2010, 76:00 minutes, colour, English/Cree with English Subtitles
Remembering Inninimowin is a two-year long documentary film project on the personal journey of a Cree woman, the documentarist, as she starts to remember her first language, Inninimowin (Cree).
The film addresses the impacts of genocide on the Inninuwak, who have been systematically severed from their language and cultural practices. More specifically, it focuses on the Cree (Inninuwak) peoples who originate from the Mushkegowuk territory, in northern Ontario. Inninimowin is spoken in several communities across Canada, although considered most preserved; it too is at risk of disappearing. Inninimowin is the vehicle for carrying forth the traditional Indigenous knowledge, customary laws, identity, spirituality, as well as the arts. Inninimowin carefully embraces the sacred stories, ceremonial practices and the ancestral teachings of the Mushkegowuk.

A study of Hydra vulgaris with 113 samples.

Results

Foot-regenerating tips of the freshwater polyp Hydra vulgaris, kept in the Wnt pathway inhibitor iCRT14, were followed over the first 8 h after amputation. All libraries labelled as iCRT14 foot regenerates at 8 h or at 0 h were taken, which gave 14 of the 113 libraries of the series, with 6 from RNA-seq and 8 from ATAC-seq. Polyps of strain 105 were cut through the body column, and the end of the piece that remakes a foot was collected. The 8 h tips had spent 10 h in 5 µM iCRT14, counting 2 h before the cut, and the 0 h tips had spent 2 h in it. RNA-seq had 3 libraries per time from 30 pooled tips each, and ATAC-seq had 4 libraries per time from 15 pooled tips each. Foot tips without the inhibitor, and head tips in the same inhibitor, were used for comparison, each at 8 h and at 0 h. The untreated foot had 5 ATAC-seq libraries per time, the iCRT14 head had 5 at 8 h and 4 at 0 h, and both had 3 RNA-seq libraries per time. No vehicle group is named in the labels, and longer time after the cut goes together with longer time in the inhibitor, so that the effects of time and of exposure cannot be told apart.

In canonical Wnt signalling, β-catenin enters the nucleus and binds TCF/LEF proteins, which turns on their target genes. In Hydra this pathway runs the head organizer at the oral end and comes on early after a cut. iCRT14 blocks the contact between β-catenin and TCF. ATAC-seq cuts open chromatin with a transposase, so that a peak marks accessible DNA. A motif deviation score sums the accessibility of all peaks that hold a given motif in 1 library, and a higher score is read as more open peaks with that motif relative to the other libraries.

Unfortunately, in both the rural and urban Inninuwak communities less people are using Inninimowin to communicate because of the strong English influence and as a direct result of systemic racism, and for these reasons they pose major challenges for the future and the traditional way of life of the Inninuwak. Furthermore, changes in the environment, beliefs and customary practices have had a detrimental influence on Inninuwak urban and rural communities. Yet, with growing and changing perspectives towards what constitutes present day Cree identities come new ideas and approaches, especially in dealing with how we can continue to sustain and preserve the sacred ways and language.